Take 'First Splash' to celebrate opening of outdoor splash pad

Cary Ashby • Jun 1, 2018 at 4:00 AM

The aquatic center staff at the Ernsthausen Community Center is celebrating the grand opening of its new splash pad Saturday with an event called First Splash.

“We want to encourage the public to come out. We have free entry for the first 400 patrons who walk through the doors,” said Joe Lindenberger, Norwalk parks and recreation department superintendent.

Ernsthausen staff members will hand out food vouchers for a hot dog, chips and water to the first 200 people.

“The radio station will be here live. There will be some giveaways,” Lindenberger said. “We will have hot dogs grilling from 12 to 12:50.”

Norwalk Mayor Rob Duncan and city administrators will be at the splash pad for the ribbon cutting at 1.

“We basically will clear the pool at 12:50 like we normally do — a 10-minute break. We’ll have live music; Chris Castle will be there,” Lindenberger said. “We’ll have the board of DD. … They have been instrumental with the Help Me Grow funds they donated to the city. We appreciate their donation; they donated $50,000.”

The splash pad project cost $250,000, with $200,000 coming from the state capital bill grant.

“That was a zero match, so the city didn’t have to contribute anything. We had to do a little bit of labor out there with the guys installing some of the concrete,” Lindenberger said. “In April, they were pouring concrete in the snow.”

The 40-foot by 80-foot aquatic recreation area is east of the zero-depth entry for the outside pool, which opened for the season Thursday — the last day of school for Norwalk students.

Lindenberger said it’s ironic that the grand opening of the splash pad comes slightly more than a month after there was snow on the ground and city general services department employees were doing work at the site.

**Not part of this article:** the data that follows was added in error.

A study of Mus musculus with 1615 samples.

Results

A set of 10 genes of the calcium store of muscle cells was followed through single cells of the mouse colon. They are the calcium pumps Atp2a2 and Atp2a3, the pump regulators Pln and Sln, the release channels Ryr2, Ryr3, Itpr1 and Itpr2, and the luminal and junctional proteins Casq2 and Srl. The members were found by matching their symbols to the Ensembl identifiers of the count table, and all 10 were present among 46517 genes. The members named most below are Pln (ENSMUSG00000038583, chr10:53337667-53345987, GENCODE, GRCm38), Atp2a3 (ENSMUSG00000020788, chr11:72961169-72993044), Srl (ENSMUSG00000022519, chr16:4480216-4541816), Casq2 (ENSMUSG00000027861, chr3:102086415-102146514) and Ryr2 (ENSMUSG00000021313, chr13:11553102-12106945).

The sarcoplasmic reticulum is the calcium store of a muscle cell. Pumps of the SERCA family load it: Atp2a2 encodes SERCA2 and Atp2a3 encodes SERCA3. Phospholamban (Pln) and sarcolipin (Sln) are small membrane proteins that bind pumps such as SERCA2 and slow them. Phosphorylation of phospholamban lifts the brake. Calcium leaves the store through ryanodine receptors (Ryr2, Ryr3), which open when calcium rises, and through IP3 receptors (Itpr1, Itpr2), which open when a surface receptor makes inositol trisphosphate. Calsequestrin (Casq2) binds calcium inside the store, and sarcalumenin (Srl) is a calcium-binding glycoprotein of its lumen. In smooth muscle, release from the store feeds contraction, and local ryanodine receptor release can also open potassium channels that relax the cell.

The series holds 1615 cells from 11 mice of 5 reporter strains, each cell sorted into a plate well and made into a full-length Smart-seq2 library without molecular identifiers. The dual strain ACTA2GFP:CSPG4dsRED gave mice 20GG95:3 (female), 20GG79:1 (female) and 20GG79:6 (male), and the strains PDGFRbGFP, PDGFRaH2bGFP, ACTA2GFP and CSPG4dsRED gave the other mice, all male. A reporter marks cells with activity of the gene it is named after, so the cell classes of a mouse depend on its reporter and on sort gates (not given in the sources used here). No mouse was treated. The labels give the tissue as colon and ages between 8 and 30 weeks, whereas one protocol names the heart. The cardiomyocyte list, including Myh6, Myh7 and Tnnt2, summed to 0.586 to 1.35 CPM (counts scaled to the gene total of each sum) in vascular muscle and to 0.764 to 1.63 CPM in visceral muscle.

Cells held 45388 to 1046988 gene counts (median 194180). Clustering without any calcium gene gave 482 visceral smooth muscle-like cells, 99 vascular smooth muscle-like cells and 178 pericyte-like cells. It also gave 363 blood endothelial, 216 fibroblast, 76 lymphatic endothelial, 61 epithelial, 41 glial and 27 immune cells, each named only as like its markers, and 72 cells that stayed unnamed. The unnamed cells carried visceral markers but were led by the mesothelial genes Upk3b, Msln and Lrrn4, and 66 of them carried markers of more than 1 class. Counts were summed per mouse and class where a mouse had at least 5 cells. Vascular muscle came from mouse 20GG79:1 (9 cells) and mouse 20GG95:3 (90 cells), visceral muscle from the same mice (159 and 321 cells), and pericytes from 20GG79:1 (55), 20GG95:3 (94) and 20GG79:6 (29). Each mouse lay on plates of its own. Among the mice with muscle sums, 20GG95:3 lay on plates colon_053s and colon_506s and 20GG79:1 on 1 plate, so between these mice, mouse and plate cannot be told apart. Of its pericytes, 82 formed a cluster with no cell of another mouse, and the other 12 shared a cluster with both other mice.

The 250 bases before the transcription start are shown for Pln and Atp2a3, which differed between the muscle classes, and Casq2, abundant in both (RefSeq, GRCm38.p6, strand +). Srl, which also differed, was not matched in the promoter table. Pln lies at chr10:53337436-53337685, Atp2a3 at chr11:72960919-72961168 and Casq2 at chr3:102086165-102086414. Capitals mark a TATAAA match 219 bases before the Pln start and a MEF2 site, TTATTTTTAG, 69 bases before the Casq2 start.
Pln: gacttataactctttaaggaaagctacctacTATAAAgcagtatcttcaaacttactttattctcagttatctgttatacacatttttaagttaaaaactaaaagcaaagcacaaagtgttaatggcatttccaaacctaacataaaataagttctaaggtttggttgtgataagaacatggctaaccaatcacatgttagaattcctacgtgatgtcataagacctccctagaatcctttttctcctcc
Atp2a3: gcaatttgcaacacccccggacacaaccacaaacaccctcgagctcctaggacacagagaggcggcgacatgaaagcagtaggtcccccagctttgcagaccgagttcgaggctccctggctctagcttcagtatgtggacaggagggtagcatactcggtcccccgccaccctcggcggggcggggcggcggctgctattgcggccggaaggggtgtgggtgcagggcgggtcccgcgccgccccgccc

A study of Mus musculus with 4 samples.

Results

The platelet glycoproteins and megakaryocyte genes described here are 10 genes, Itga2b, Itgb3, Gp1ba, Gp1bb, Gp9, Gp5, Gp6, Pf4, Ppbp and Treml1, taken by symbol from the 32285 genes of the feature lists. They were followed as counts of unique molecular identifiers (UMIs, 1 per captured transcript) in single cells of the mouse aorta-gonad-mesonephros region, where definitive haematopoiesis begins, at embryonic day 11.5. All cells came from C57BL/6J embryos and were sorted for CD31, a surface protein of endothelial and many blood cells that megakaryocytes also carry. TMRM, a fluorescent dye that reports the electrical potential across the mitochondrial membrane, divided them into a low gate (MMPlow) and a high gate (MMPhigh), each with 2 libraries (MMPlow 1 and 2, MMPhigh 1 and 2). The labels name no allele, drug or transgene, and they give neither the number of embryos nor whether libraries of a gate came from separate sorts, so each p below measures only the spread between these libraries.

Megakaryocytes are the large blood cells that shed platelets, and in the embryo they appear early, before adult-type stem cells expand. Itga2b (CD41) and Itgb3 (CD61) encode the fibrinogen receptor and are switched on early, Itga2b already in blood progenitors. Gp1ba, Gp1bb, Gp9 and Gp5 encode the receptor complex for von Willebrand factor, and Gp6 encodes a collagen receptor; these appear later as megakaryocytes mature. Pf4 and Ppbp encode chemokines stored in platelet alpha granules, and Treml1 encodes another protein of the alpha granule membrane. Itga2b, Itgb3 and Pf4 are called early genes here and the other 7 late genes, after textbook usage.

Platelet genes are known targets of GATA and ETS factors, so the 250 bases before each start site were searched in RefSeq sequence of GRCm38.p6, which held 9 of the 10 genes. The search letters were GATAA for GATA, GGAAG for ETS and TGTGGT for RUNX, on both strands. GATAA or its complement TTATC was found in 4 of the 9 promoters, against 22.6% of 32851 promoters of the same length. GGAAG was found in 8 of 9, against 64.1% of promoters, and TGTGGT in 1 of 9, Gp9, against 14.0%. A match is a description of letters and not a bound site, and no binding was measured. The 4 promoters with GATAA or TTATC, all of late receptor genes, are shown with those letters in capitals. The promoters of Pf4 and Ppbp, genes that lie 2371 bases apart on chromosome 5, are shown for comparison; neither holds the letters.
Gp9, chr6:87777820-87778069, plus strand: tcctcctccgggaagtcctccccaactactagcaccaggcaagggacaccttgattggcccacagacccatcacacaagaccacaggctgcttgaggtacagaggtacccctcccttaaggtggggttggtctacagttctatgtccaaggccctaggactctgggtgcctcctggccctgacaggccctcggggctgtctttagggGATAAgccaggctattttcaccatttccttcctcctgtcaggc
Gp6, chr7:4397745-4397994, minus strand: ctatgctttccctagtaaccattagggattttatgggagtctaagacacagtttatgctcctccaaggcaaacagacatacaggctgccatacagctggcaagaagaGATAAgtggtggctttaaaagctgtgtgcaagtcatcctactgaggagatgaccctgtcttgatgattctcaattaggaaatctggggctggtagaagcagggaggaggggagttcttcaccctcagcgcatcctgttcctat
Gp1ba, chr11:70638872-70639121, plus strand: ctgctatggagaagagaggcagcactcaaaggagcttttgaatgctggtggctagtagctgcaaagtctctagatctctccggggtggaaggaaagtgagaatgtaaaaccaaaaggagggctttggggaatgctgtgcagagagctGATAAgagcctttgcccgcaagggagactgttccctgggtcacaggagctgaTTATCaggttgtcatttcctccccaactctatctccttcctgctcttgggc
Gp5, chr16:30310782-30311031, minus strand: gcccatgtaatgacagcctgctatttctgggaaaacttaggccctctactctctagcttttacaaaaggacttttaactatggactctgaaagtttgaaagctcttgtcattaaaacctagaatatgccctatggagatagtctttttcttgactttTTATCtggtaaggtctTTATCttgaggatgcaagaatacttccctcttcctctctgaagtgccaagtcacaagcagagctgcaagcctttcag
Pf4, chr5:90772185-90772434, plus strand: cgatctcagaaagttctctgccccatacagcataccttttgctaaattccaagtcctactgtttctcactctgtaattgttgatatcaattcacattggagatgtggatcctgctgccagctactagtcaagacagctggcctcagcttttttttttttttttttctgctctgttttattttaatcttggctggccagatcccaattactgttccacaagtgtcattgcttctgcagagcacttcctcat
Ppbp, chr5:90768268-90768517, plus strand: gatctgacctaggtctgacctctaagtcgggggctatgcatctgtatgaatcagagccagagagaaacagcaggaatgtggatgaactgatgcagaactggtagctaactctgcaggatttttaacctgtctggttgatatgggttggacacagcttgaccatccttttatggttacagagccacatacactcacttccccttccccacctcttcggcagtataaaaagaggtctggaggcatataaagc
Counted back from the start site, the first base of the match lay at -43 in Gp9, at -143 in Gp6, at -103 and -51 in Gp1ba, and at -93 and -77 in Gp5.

“It will be open a day-and-a-half prior to the grand opening,” he said. “Hopefully we will have some good weather that will cooperate with us.”

Installing the splash pad required some mild changes near the zero-entry for the pool.

“We removed the three (oversized) umbrellas that were there. Right now there’s not a lot of shade. There are two (umbrellas) at the front by the old concession stand,” said Lindenberger, who expects to reinstall the three umbrellas at some point.

Water Odyssey in Texas provided the equipment and installed the underground tanks. City workers performed some duct and perimeter concrete work in the fall.

“Everything we have out there is stainless steel. There are no fiberglass pieces, so that stuff is more durable,” Lindenberger said. “The first week of May all the features were installed.” 

The Ernsthausen staff expects young children to be the prime audience for the splash pad.

“I think the sweet spot is your 3- to 8-year-olds especially. I think even the little 10-month-olds will be sitting on the fountains that are coming up,” Lindenberger said.

Tweens and teenagers also may enjoy the water recreation.

“My daughter is 13. She will come out with her little brother or sister and she will love it. She will love running around with them,” Lindenberger said.

There are plans for a fenced-in “digging area” beside the splash pad where children can rummage through the sand pit with digging toys.

“The Lions Club donated several thousand dollars and we’re buying a large, 20 by 18 canopy to cover that sand area,” Lindenberger said. 

“Through the Huron County Fund, we received a couple thousand dollars also to have a shower tower with a couple showers. When the kids are covered with sand, they wash their feet off, go down the concrete over to the splash pad. That way they are not dragging a lot of sand into (it).”

The splash pad uses its own water-recirculation system.

“It’s chlorinated water. It’s treated; it’s safe,” Lindenberger said. “We are tickled with our time line. It was just a couple weeks ago that we passed all of our inspections. … Now it’s nothing but go, go, go.”

The First Splash event will include drone coverage. Kelly Lippus, executive director of the Huron County Chamber of Commerce, is helping promote it.

“She is lining up some photography and drone coverage and she will be there as well,” Lindenberger said. “We will have drone coverage of these kids flooding the splash pad (by) probably 1:15 or 1:30.”

The parks and recreation superintendent has heard “nothing but excitement” and many positive comments from the public about the splash pad.

“If our membership numbers are an indication of that, then we expect (to have) a very busy summer. Of course, this is Ohio; you don’t know what will happen with weather. We could have a very rainy summer,” Lindenberger said. “If we have any of the weather like we’ve had recently, this place will be packed.”